Discussion in 'Setup & Repair [DB]' started by DalmerM, Oct 30, 2002.

  1. DalmerM


    Oct 15, 2002
    North Carolina
    My dyed black hardwood fingerboard turns my fingers black when I play. What is a good sealer or dye to stop this? I'm just trying to make a cheap bass a little better without spending much on it.
  2. anonymous0726

    anonymous0726 Guest

    Nov 4, 2001
    Eventually it should stop doing that. Even ebony boards give back some of the dye after you get a planing and the board gets inked, but after a week or so of heavy playing this goes away.
  3. nicklloyd

    nicklloyd Supporting Member/Luthier

    Jan 27, 2002
    Cincinnati, Ohio
    Try a coat of Watco Danish Oil. Follow the instructions on the back of the can; it's very easy. You should let it dry overnight. If this doesn't work, Minwax Co. makes a Wood Hardener solution that seals well. However, it's more toxic, and a bit fussy to use. Get it at your local home improvement store.
  4. anonymous0726

    anonymous0726 Guest

    Nov 4, 2001
    I would think that finishes and sealers would at least change the sound, if not make a mess.
  5. Don Higdon

    Don Higdon In Memoriam

    Dec 11, 1999
    Princeton Junction, NJ
    Yo, Nick:
    Wouldn't you agree that when directing someone to a procedure that involves removing all the strings, they should mark the exact position of the bridge feet, keep the bass on its back, and put some weight on the top to keep the soundpost from falling?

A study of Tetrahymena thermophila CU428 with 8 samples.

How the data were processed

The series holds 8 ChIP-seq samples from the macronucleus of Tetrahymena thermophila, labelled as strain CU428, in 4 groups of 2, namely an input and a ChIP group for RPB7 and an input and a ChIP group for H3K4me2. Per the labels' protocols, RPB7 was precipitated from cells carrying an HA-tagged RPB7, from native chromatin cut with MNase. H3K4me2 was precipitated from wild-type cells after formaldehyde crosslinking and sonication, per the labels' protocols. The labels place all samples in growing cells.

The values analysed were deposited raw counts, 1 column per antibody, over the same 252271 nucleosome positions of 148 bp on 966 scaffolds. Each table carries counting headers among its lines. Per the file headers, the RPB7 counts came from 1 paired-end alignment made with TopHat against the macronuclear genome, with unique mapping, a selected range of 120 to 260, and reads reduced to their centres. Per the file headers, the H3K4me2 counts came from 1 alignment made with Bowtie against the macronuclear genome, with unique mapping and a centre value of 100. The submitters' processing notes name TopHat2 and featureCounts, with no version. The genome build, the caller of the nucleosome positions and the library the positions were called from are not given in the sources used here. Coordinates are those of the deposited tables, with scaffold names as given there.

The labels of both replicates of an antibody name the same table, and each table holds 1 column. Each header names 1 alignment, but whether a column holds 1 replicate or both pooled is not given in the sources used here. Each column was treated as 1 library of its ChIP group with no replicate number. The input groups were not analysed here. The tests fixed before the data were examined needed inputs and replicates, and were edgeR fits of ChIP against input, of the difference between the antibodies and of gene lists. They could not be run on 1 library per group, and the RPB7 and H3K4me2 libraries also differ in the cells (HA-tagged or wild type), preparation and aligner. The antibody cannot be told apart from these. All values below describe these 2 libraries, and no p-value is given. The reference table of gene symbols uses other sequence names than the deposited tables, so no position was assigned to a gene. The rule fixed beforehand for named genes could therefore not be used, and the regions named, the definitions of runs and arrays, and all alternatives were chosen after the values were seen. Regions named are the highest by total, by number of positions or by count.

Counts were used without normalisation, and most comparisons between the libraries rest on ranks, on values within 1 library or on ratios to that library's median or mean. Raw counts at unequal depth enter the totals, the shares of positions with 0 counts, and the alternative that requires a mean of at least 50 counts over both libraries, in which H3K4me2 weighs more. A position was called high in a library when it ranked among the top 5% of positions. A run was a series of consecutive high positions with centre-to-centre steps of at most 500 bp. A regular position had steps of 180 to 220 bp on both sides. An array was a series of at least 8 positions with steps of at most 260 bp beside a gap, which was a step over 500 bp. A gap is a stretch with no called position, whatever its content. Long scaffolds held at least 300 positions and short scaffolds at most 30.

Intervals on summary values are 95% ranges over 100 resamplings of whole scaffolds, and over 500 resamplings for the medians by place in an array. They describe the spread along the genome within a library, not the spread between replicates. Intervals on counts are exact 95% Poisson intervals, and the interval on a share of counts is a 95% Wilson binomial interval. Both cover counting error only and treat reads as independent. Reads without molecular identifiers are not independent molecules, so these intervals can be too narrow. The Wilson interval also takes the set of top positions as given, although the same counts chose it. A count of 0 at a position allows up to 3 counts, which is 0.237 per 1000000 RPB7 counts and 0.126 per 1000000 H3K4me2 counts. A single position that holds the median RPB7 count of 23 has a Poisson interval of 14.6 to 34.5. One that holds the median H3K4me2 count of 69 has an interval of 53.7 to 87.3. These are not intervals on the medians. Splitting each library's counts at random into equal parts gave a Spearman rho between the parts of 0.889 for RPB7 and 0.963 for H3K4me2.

6. nicklloyd

    nicklloyd Supporting Member/Luthier

    Jan 27, 2002
    Cincinnati, Ohio
    Applying Watco Danish Oil on a maple fingerboard would not significantly degrade the sound of Dalmer's "cheap bass". It will, however, seal the maple, keep out finger dirt, and lessen the abrasive action of his strings. It's a great product that dries quickly, is easy to control, and is being used by pro luthiers from Alberquerque to Boston.
    My quick-tip reply was meant as resourceful information only. I assumed Dalmer was not going to tear down his setup with "blinders" on. Next time I will add a preface to my advice.

    Thanks, fellers!
  7. anonymous0726

    anonymous0726 Guest

    Nov 4, 2001
    k -- I was just envisioning, using an analogy to abbreviate -- a situation like painting a concrete floor wherein the traveled areas are going to wear differently than the rest and it'll start really looking like hell after a bit. Added to this is my experience with what rubbing a little super glue into a deadish spot on an ebony board will do.
  8. Chris Fitzgerald

    Chris Fitzgerald Student of Life Staff Member Administrator

    Oct 19, 2000
    Louisville, KY

    And super glue on an ebony board will....????
  9. anonymous0726

    anonymous0726 Guest

    Nov 4, 2001
    There's a dead spot on my current fingerboard -- right on the low F. I determined that it is not the bass because this didn't exists with the old fingerboard. I determined that it wasn't pitch-related (i.e., setup) because the fingered note was dead no matter where the string was tuned. The string did vibrate there -- it just didn't make much sound. Shank rubbed a little superglue on the board on that spot and it didn't completely fix the problem, but it did improve it significantly.

    I've also found, later, that the Ebola-gatos that I've had on for a few months further improved this. Not sure if it's the lighter gauge string or what.